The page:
Gold Cup

Gold Cup preview: USA v Honduras

It’s like déjà vu all over again.

In 2013, things were looking grim for the US Men’s National Team. After a winter of discontent, culminating in losses to Honduras and Belgium, questions about Jurgen Klinsmann’s tenure were being loudly asked. But then the US defeated Germany 4–3, and embarked on a 12-game winning streak, which included lifting the Gold Cup trophy with a goal difference of +15.

In 2015, the World Cup hangover lasted until well into March, but consecutive wins over Mexico, the Netherlands, Germany, and Guatemala have the US primed and ready for the competition, as the Red, White, and Blue take on Honduras on Tuesday evening.

The US roster

Klinsmann has made no secret of his desire to win this tournament, and the roster reflects that. Said Klinsmann: “Our approach for putting together the roster for this summer’s Gold Cup, which is very, very important to us, is obviously to do everything possible to win this competition. Winning it would qualify us for the 2017 Confederations Cup in Russia, so putting the pieces together is very crucial.” Toward that end, the team is chock full of experienced players, including Michael Bradley, Clint Dempsey, and Jozy Altidore. Fabian Johnson appears set to return to playing at left back, though after injury forced Brad Davis out of the squad, Greg Garza has been called in and can either back up Johnson or start. Johnson likely provides a better attacking option, but Garza is no slouch.

Recent Mexican-American additions to the team, Ventura Alvarado and William Yarbrough, make the cut, but otherwise, there are very few surprises. Perhaps most surprising is the inclusion of players that have at one time been NT stalwarts but who have fallen a bit out of favor since the World Cup or before: Graham Zusi, Omar Gonzalez, Tim Ream, and Brad Evans. Playing as a fullback, Evans was one of the last men left off the World Cup roster, but now, playing central defense, he has returned.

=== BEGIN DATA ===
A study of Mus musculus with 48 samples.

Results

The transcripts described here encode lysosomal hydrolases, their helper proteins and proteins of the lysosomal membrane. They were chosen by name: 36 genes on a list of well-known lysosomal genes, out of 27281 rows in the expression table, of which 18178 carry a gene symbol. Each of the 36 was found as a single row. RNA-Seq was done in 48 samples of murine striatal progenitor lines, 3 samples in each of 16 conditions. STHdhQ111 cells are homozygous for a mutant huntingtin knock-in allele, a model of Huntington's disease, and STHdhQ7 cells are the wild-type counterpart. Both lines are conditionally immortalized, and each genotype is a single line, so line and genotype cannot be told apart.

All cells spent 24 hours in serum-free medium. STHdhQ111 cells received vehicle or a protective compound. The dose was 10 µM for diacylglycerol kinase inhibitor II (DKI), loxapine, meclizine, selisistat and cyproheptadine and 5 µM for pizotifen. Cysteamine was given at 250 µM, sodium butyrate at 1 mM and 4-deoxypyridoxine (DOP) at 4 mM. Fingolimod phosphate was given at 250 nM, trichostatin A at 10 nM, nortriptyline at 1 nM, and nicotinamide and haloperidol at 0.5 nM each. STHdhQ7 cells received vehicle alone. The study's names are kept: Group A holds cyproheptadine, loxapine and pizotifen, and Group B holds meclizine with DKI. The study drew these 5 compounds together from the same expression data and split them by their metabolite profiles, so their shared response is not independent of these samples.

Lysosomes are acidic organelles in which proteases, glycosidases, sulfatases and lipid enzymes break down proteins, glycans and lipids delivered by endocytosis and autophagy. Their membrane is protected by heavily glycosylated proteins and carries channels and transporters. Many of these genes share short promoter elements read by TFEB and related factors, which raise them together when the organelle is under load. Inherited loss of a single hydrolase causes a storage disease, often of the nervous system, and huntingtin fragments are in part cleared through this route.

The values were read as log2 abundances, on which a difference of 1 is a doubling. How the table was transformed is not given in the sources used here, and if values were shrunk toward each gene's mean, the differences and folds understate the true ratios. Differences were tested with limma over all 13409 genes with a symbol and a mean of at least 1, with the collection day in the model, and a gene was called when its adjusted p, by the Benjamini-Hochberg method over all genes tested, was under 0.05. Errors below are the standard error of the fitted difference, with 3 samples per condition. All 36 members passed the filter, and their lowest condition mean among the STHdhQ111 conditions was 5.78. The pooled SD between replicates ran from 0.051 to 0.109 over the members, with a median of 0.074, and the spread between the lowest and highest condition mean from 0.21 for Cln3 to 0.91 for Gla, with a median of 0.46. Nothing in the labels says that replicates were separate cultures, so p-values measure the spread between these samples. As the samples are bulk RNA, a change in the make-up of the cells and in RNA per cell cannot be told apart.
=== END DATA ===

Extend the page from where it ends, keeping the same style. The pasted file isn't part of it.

And it is central defense where there is the most mystery. John Brooks, Alvarado, Ream, Gonzalez, Evans—none would be surprise starters. Brooks is perhaps the most likely, but predicting Klinsmann’s lineup choices is something of a fool’s errand.


Honduras lost all three of its games at the World Cup, and has not seen its fortunes improve dramatically since then. Most recently, the team lost 1–0 to Brazil, in a match whose scoreline flattered the losers, bookended by draws versus Paraguay and Mexico (played in Houston).

Honduras’s record against the USA is not good, but can boast three wins and a draw in the last six games, one coming on US soil. Honduras’s main players are well known to US fans, too: Oscar Boniek Garcia and Luis Garrido both play for MLS’s Houston Dynamo, while former MLS-er Andy Najar now plays for Anderlecht. The rest primarily play in the Honduran domestic league.


Honduras is not a walkover opponent, but playing at home in the United States, the US men will want to open the tournament with a statement of intent. Expect them to come out strong and attempt to dictate play from the get go. As always, Bradley will be the fulcrum around which the team moves, and if he is feeling it, the US has the capacity to score several goals. The key factor will be the press—will the US harass Honduras into turnovers? If so, it could be a very good day, indeed.

Defensive gel questions may result in a goal allowed, but the US should have more than enough firepower to get a result. The United States wins, 3–1.